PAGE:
Olympic boss targets major success for ‘minor’ sports
On the back of Jamaica’s historic participation in the judo competition at the Tokyo 2020 Olympic Games, Jamaica Olympic Association (JOA) President Christopher Samuda says the organisation aims to expand the country’s footprint in non-traditional sports at the Paris 2024 Games.
Ebony Drysdale-Daley lost to Portugal’s Timo Barbara in the -70kg competition at the Nippon Budokan on Wednesday but became Jamaica’s first-ever competitor in the event at the Olympic Games.
Jamaica has added sports like gymnastics through Toni-Ann Williams at the Rio 2016 Games and Danusia Francis at Tokyo 2020. And Yona Knight-Wisdom will dive into action in the men’s 3m springboard competition in Tokyo on Monday, following up his Rio 2016 debut.
Samuda said the JOA is committed to providing the necessary support and opportunities to ensure that the island continues to diversify its portfolio.
“It is absolutely a victory for us to have our athletes here in what people perceive to be minor sports. We are going back to the drawing board, and we are going to put in the work and will continue to invest in our athletes,” Samuda told The Gleaner.
In addition to judo, gymnastics, and diving, Jamaica is also represented in swimming (Alia Atkinson and Keanan Dols), boxing (Ricardo Brown), and, of course, track and field.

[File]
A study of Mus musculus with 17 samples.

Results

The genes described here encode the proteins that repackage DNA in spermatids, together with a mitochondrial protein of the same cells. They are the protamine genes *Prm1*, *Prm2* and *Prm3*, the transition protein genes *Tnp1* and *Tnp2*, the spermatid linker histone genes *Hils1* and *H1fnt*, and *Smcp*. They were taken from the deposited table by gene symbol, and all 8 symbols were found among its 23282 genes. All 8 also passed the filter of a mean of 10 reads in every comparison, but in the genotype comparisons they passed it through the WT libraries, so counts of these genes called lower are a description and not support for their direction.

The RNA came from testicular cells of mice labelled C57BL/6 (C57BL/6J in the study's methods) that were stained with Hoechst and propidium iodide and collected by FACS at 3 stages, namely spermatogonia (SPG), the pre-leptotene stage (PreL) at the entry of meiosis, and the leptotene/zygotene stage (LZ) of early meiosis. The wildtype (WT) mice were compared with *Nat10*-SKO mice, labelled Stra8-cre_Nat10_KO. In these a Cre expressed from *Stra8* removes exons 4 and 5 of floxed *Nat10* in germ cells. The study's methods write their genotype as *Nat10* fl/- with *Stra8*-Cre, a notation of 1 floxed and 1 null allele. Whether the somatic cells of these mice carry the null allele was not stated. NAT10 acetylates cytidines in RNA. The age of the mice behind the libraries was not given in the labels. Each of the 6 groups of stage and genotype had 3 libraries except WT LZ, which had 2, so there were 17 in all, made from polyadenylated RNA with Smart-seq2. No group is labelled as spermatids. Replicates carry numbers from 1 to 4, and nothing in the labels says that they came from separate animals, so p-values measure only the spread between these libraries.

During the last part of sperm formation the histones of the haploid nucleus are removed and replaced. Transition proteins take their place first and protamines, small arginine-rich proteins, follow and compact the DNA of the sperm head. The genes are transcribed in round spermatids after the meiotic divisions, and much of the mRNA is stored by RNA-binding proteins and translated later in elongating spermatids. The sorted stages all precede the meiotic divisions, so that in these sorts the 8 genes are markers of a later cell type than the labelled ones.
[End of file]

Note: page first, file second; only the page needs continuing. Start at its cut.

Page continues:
The JOA boss is targeting at least 10 disciplines at the next Olympic Games.
The plan includes providing the support and framework for the creation of Olympic squads within the various associations. These squads will be kept together and prepared for qualification.
“We have done well to be involved here, in more than five sports, which is, of course, amazing, but what we have to do now is build on that for France,” Samuda said.
The JOA president described Daley’s participation as a key moment in Jamaica’s sporting history.
“This is a victory for us, it is a victory for the Judo Association, and a victory for what people perceive to be minor sports,” Samuda said.
“... We are going to be ensuring that there are rules of engagement for those Olympic squads because sport is now a business, and it’s a serious business. We have to take it to another level of professionalism if we want our athletes to be successful.”